More than 1,000 feet below the ocean’s surface and 60 miles from the beaches in Maryland, New Jersey and New York, an unlikely ecosystem thrives in the dark, frigid waters. Far from the sun’s nourishing rays, diverse and colorful corals cling to the rocky seabed, obtaining nutrients floating past on deep currents or falling from the sunny waters above. Though few humans will ever see this unique habitat directly, it plays an important role in maintaining the health of the oceans.
Deep-sea coral gardens can be found in canyons, on continental shelves and along undersea mountains around the world. Like their shallow-water counterparts, deep-sea corals provide a vital habitat for other marine life. Their intricate branches create an ideal nursery for juvenile fish; they act as a foundation for sponges and anemones; and they provide food and shelter for a variety of species. Off the East Coast of the United States, dozens of deep canyons house coral gardens that teem with a huge variety of marine life. This habitat is the foundation of the ocean ecosystems that support a number of commercially valuable species, like mackerel and squid. Many U.S. coastal residents depend on the populations that originate and grow in these canyons for their livelihoods.
Even as new technology gives scientists better access to study and understand these deep-sea habitats, (even remotely via the internet!), advancements in fishing methods threaten to destroy these fragile corals. Reaching ever deeper, fishing trawls and dredges now threaten these ancient reefs, which grow only millimeters a year. Some coral colonies date back over 4,000 years — the oldest known marine organisms in the world. A single pass of a trawl net can wipe away centuries of growth. The destruction of deep-sea corals can jeopardize the survival of many marine species, as well as the jobs that depend on them, before scientists even have a chance to fully catalogue the diversity of the species. It’s not just commercial fisheries that are under threat. Some corals have been found to contain chemical compounds that have important applications for biomedical research. The next dredging could lead to the permanent loss of what could have been the source of powerful cancer drugs or vaccines.
Though our understanding of deep-sea corals is incomplete, the need to protect them is very clear.
Last week, the Mid-Atlantic Fishery Management Council recognized the imminent threat that expanding fisheries pose to deep sea corals. The Council approved a proposal to protect over 35,000 square miles of deep-sea coral habitat from fishing gears like bottom trawls and dredges. If approved by the Secretary of Commerce, all trawling and dredging deeper than 450 meters will be prohibited as well as in shallower coral gardens in 15 canyons in the region.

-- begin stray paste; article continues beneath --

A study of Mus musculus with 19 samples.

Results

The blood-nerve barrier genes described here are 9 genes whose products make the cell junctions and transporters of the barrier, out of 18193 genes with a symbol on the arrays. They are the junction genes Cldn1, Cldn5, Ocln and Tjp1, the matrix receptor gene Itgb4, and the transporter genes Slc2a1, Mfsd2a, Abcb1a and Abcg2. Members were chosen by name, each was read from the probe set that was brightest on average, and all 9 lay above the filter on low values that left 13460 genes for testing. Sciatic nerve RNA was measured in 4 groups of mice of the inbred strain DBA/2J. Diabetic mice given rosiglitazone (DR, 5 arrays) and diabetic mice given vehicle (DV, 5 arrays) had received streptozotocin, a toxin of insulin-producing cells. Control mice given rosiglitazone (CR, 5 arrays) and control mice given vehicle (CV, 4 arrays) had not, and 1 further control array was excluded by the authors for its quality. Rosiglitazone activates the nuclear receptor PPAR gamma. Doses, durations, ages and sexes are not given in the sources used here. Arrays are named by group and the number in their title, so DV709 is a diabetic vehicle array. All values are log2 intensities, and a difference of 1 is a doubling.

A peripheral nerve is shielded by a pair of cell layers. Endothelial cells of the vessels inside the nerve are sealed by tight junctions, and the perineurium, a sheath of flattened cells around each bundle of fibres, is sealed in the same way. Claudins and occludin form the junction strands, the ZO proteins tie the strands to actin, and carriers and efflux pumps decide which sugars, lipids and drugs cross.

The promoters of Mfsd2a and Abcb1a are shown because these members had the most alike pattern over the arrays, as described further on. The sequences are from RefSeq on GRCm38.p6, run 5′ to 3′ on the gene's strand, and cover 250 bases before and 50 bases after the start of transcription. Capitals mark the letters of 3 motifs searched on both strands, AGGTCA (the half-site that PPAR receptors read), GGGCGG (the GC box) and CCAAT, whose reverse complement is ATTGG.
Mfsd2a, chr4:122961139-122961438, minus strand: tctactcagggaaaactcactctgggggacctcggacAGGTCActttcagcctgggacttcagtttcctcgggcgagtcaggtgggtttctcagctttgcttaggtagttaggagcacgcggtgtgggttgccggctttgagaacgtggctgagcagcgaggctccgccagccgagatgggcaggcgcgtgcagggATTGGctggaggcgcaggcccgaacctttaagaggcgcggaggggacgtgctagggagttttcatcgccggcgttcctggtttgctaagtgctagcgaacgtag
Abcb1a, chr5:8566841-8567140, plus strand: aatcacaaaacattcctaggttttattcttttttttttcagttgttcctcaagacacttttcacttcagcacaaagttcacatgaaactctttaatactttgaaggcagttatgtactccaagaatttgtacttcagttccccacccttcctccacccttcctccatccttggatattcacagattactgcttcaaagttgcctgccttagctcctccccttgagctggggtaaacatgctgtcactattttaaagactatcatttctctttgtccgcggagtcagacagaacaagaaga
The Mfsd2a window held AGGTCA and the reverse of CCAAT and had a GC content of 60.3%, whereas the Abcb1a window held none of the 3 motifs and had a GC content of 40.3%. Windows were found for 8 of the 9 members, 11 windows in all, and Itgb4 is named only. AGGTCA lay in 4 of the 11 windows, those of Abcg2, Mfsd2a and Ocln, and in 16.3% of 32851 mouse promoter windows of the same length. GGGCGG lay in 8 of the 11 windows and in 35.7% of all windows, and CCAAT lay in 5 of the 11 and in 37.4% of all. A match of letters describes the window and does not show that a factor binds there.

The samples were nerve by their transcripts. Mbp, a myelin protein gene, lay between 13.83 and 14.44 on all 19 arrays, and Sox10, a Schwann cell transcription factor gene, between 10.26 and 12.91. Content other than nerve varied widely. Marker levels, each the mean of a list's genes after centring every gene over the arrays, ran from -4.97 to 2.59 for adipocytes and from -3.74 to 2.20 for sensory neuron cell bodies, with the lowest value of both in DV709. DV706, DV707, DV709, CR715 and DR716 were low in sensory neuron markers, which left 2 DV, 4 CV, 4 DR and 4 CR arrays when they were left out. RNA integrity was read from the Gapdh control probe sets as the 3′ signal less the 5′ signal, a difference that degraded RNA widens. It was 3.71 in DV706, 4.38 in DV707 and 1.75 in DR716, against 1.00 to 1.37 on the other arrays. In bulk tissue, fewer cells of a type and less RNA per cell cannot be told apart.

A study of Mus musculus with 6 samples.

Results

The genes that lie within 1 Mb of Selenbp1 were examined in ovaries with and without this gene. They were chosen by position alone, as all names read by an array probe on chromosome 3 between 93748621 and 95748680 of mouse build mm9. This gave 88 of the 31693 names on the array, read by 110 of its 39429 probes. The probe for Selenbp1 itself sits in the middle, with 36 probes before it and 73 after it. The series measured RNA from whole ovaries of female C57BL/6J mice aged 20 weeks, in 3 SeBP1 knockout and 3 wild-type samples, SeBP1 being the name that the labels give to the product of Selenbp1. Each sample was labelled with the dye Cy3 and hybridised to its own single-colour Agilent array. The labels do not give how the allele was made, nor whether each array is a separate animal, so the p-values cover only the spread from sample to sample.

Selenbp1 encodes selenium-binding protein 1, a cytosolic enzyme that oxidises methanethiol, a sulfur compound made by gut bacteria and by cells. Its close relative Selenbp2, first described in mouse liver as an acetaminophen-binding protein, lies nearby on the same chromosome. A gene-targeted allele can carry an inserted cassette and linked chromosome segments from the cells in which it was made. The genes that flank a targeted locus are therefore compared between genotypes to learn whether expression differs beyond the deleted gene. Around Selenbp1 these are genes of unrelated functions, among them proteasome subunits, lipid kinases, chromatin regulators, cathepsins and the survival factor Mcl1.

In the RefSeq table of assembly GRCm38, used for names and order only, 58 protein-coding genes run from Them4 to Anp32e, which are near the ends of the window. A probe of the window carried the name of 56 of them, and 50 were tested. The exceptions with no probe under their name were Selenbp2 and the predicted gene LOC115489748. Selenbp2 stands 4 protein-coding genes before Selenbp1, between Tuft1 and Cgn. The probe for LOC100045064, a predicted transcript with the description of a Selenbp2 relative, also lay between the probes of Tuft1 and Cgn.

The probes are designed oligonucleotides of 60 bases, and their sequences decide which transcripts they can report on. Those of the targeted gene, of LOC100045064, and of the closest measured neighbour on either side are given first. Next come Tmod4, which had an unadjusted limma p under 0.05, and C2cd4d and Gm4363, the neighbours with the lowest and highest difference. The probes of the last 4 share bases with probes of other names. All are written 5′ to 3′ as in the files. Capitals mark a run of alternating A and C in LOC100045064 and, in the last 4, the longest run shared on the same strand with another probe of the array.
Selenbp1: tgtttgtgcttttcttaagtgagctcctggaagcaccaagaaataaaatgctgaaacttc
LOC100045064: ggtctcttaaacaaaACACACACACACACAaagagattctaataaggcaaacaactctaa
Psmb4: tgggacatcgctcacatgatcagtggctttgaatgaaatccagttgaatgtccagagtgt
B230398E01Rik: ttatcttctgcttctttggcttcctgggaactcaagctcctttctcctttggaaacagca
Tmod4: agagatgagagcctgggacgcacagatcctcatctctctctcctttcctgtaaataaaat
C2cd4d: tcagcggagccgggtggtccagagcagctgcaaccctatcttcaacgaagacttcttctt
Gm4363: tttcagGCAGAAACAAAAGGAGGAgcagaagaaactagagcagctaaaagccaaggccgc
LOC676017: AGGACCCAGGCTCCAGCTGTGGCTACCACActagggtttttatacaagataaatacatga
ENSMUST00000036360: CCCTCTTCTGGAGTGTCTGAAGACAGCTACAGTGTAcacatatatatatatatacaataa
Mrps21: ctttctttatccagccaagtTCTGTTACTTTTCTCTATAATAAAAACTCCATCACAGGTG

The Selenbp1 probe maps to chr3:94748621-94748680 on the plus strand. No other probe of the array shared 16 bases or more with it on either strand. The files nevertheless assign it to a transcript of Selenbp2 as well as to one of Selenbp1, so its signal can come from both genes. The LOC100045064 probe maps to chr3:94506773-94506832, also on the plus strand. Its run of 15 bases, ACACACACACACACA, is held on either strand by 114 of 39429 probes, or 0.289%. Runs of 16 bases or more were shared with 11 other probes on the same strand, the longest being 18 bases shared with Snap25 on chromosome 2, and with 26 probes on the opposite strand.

This welcome development has been a long time coming. Oceana has been campaigning congress, the Obama administration, and the regional councils to secure these protections for over a decade. The work has paid off.
This new protected area is the size of Kentucky. Or nearly four times the size of New Jersey. The Council is the first of the eight regional fishery management councils to rightfully recognize the need to protect deep-sea corals. A new legal authorization included in the Magnuson-Stevens Act, the law governing the regulation of fisheries, grants the Council authority to make protections like this. The new area from Long Island to North Carolina, complements already protected deep sea coral habitats off Florida and Georgia that were created in 2010. Coast-wide, now more than 58,000 square miles of seafloor is protected for conservation deep sea corals.
The Council’s actions are encouraging, but celebration should be tempered with a reality check: fish and marine mammals in the same region are facing additional threats. Seismic airgun blasting in the hunt for offshore oil and gas can wreak havoc on these ecosystems, even if they are safe from trawlers’ nets. The decision to protect thousands of miles of deep-sea corals from fishing could amount to nothing if the Obama administration allows offshore oil and gas development to occur. Case in point: In the Gulf of Mexico, oil and dispersant from the Deepwater Horizon oil spill has been found fouling dead and dying deep sea corals miles away from the spill site
Bad-news stories about our oceans are an almost daily occurrence. Irresponsible fishing, warming waters and acidification associated with climate change, and contamination from agriculture and other human activities have left the oceans a shade of their former abundance and diversity. But when terrible losses are met with victories like the Council’s recent action, there is reason to hope that others in positions of power are paying attention, and that even more victories lie ahead.